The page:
True Security

Bloged in Devotional Thoughts, Faith, Musings by Mel Tuesday October 24, 2006

In one of the episodes of the BBC documentary on children, Child of Our Times, several children are put through an experiment where their parents withdraw while playing with them for a time.  Some of the children cry when their parents go away, while others simply continue playing on their own.

I initially thought that the children who were independent and self-confident were those who did not cry when their parents left.  Child psychologists, however, reached the opposite conclusion.  Their view was that the children who cried or who showed some discomfort at their parents’ absence are the ones that were truly secure.  The insecure children were the ones who continued playing as if their parents never existed.

And of course, a host of anti-social problems in adulthood can spring from insecurity - possessiveness (of friends or partners), bullying, the need to control, the need to put others down, the need to show off, the need to win all the time, the inability to lose graciously and to accept failure, the inability to share, the willingness to do even foolish things to gain acceptance, etc.

I think our relationship with God is sometimes like this.  Some of us we think we are getting on fine despite keeping God at arm’s length - opening Bibles only on Sundays (or alternate Sundays or less), praying only in emergencies, and limiting our involvement in the Christian community and ministries.  In fact, we are insecure, and seeking assurance in things that may not ultimately matter - whether it is a highly successful career or the next expensive gadget. 

In reality, this is what really matters -

Do not store up for yourselves treasures on earth, where moth and rust destroy, and where thieves break in and steal. But store up for yourselves treasures in heaven, where moth and rust do not destroy, and where thieves do not break in and steal.

- Matthew 6 : 19 - 20

And this is the promise for those who set their hearts on and hands to what really matters -

So do not worry, saying, ‘What shall we eat?’ or ‘What shall we drink?’ or ‘What shall we wear?’.  For the pagans run after all these things, and your heavenly Father knows that you need them.  But seek first his kingdom and his righteousness, and all these things will be given to you as well.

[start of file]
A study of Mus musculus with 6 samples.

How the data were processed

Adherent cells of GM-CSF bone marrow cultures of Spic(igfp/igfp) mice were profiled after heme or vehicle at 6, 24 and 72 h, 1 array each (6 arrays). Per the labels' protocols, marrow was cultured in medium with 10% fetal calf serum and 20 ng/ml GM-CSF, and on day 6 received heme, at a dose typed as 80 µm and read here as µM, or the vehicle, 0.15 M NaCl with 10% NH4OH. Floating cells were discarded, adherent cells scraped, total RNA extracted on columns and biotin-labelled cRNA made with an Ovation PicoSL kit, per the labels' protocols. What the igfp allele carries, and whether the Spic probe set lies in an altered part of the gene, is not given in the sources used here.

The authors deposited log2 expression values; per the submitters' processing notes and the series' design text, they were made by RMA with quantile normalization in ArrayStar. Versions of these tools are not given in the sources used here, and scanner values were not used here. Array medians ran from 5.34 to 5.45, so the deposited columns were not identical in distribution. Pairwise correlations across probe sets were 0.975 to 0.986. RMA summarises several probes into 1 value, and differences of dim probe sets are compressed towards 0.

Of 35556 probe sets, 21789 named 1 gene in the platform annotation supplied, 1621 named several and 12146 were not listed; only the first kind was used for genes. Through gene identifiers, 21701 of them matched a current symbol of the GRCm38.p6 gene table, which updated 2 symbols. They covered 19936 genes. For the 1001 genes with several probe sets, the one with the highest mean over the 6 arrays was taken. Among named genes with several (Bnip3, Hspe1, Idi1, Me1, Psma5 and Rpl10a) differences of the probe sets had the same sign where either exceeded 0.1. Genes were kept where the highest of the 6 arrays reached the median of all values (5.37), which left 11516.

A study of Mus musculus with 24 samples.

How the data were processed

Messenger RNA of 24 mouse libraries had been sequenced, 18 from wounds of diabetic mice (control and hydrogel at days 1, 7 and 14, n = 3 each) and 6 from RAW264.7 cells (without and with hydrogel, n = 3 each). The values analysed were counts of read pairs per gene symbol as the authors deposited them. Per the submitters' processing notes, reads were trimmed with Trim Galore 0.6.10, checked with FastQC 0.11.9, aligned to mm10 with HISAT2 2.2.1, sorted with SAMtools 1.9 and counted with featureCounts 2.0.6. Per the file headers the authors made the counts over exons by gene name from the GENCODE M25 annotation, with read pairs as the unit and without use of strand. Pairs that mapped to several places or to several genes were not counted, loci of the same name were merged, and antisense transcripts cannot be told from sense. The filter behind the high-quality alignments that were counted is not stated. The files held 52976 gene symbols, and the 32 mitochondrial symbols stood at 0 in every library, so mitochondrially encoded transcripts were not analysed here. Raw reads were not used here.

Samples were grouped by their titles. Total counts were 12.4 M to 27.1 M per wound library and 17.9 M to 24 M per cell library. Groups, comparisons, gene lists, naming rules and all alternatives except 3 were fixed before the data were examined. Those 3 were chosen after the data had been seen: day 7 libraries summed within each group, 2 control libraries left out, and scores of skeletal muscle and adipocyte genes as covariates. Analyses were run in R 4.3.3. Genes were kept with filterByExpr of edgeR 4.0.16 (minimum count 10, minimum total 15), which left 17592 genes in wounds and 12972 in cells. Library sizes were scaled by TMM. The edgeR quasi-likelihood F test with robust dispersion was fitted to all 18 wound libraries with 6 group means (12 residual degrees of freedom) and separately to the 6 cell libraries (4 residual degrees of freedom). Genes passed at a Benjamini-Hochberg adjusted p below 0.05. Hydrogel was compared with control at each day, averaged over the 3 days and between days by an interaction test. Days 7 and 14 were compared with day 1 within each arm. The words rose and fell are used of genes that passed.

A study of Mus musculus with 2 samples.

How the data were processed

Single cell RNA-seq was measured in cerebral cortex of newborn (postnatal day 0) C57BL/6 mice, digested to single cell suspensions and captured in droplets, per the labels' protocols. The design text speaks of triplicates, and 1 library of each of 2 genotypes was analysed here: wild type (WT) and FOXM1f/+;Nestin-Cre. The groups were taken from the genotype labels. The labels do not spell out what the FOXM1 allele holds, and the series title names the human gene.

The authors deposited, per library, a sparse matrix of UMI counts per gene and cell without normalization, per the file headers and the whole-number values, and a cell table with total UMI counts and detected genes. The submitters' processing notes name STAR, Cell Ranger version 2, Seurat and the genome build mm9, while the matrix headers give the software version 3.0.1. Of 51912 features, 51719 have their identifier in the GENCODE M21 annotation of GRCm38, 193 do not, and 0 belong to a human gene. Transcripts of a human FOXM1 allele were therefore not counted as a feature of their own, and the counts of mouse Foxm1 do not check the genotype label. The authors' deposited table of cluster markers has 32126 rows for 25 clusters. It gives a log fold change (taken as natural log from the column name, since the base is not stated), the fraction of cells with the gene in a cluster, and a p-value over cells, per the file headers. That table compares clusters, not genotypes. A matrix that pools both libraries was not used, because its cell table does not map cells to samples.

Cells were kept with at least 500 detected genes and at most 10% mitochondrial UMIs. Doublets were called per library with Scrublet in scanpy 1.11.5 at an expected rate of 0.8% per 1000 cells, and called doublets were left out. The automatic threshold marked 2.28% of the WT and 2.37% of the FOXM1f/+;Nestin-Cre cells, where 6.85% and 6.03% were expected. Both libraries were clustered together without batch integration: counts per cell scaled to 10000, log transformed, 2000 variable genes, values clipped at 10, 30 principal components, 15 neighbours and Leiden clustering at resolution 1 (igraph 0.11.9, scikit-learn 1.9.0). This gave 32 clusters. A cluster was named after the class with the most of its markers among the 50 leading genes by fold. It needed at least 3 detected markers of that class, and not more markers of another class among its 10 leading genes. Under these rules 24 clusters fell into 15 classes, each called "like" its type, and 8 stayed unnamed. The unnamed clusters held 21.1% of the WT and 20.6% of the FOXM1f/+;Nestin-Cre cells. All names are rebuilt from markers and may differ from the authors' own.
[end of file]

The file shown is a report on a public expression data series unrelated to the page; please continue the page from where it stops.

- Matthew 6 : 31 - 33

The Christian Ideal

Bloged in Faith, Musings, Society by Mel Tuesday October 24, 2006

Singaporean elite, Wee Shu-Min, and to a lesser extent her father, have received a lot of flak recently over her insensitive comments in response to letter by one Derek Wee. 

I think enough has been said about her.  What I want to ask is whether Christians in Singapore are also guilty of elitism, and driving a chasm between themselves and non-Christians.  There is no doubt as to the fact that a good number of Christians in Singapore hail from English-speaking, middle and upper income families.  I for one have to confess that while I don’t think I’m in the ranks of the "elite", I grew up in an English/Malay-speaking middle income family, largely unaware of and unsympathetic towards other Singaporeans who had to struggle to get by.

Do our nice clothes, big cars, huge houses, and expensive tastes in food make it difficult for us to identify with the majority of non-Christians who are not like us, and for these non-Christians to feel comfortable amongst us ?  Have we, consciously or unconsciously, allowed the church to be divided along the same lines as society ?  Let this not be, for the ideal standard that the Bible exhorts Christians to live by is this -

"Though I am free and belong to no man, I make myself a slave to everyone, to win as many as possible.  To the Jews I became like a Jew, to win the Jews. To those under the law I became like one under the law (though I myself am not under the law), so as to win those under the law.  To those not having the law I became like one not having the law (though I am not free from God’s law but am under Christ’s law), so as to win those not having the law.  To the weak I became weak, to win the weak. I have become all things to all men so that by all possible means I might save some."  (1 Corinthians 9 : 20 - 22)

"There is neither Jew nor Greek, slave nor free, male nor female, [rich nor poor,] for you are all one in Christ Jesus." (Galatians 3 : 28)

Return of the Condor Heroes

Bloged in Courtship & Love, Movies, Music by Mel Tuesday October 24, 2006

YouTube is amazing. You can find almost anything on it. After putting up the Simple Plan MTV in my last post, I found the MTV of Joyce’s favourite wuxia novel and TV show (and actor) (man in chicken suit notwithstanding). Since it’s a story that has a happy ending, decided to moderate the current angsty-ness by putting it up.

And to my ex-colleagues, if you happen to be reading this post - this wuxia novel happens to be the one that uses the red dot on the wrist as a device to indicate the chastity of the heroine.